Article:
I agree with the comments you read on another site.
I actuality, children are already aware of their external sexual organs as early as six months; and by the time they are two, is it is said, they are already aware that their tush is more fun than their toes.
I did a research paper on this issue for the University of Southern Colorado on my undergraduate studies.
In my paper out outlined the sexual development of children from age six months to adolescence,and explored the basis of a recent proliferation of sexual activity in the class room with first and second graders, as reported in the news.
The main issue here is not that they do it; it is natural and normal. But at age 3 they do not know how to channel those feelings, and they do not know cognizantly how to handle these emotions. They suspect, that it should not be overt, and you see the behavior as a timid type behavior.
Until between age 6 and 9 (on average age 8) when concrete thinking kicks in, they are not likely to be able to understand exactly what is going on.
so for now you should be understanding and knowing that it is natural and nothing to be afraid of. It is not sign that your daughter is premature or going to be promiscuous.
When you ask her what you do, you are doing the right thing. IT is good that she is trusting and comfortable enough, even at this young age to tell you it "feels good". That shows a strong and loving bond between the two of you.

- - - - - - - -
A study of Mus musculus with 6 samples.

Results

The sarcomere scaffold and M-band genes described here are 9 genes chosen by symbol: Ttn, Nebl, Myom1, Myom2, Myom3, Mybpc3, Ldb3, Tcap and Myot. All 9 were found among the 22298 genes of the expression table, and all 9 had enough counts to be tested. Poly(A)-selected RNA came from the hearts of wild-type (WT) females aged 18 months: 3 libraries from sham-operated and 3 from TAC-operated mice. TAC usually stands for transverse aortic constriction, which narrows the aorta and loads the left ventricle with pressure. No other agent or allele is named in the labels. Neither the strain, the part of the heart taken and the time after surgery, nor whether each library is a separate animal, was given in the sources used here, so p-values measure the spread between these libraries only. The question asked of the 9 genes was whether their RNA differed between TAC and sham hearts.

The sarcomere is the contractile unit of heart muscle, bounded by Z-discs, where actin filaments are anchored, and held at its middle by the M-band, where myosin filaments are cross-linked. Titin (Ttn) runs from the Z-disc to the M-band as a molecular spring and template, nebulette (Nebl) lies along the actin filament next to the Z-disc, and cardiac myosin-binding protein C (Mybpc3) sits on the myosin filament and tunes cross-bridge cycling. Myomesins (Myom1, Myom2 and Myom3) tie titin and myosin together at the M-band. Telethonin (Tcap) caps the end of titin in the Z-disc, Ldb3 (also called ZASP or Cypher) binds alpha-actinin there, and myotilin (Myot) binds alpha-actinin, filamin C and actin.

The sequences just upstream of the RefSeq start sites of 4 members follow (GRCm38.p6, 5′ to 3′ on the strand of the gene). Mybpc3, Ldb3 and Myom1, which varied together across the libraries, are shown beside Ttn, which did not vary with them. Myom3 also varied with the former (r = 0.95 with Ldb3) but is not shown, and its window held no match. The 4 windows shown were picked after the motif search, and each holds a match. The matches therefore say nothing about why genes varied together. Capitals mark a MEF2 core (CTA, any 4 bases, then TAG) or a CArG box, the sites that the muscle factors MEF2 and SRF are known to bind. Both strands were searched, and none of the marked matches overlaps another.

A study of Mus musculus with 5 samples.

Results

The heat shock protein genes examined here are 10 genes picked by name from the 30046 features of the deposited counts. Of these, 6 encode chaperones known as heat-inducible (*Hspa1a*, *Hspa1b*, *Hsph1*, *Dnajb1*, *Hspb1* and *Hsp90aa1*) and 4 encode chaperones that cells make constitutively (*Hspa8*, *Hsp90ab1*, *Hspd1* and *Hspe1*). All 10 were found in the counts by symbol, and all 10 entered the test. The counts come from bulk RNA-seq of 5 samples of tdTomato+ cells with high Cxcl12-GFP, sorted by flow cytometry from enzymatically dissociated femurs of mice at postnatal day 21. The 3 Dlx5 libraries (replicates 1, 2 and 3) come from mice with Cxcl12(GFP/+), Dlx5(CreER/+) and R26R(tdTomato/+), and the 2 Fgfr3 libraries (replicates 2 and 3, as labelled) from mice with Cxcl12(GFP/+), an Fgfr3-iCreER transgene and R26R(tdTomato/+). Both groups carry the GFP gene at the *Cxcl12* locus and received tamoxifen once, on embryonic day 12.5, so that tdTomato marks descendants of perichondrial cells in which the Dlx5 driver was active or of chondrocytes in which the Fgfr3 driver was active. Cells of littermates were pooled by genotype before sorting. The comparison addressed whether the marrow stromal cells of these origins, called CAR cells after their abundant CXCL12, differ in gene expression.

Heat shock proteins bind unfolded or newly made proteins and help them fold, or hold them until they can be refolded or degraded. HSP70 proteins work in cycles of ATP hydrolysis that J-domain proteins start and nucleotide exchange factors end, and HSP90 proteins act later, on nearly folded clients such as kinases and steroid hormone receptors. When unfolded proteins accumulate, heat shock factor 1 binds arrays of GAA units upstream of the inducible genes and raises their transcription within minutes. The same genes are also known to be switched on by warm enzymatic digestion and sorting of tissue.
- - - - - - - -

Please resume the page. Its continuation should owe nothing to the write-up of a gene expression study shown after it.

So not show alarm or disgust, simply accept it, and be observant. If she is doing it in an improper environment, then you may let her know gently that she should not be doing that in the presence of others. As she gets older, say about age 5 and she is off to school, you may want to have a discussion about what is proper behavior and conduct on the playground and in the class room.
10 years ago, this discussion would not have been a necessity; but in today's world, largely because of the internet and other social issues; the children are starting to act out sexually, even in the classroom, at younger ages. They need to know from early on when it is appropriate behavior and when it is not. Age three is a bit young for complete understanding of that, though they can understand no, not now, etc; but the way you do it at this age is different than the way you do it age 5.
But, trust me, there is nothing for you to be concerned with at this point, except monitoring the behavior.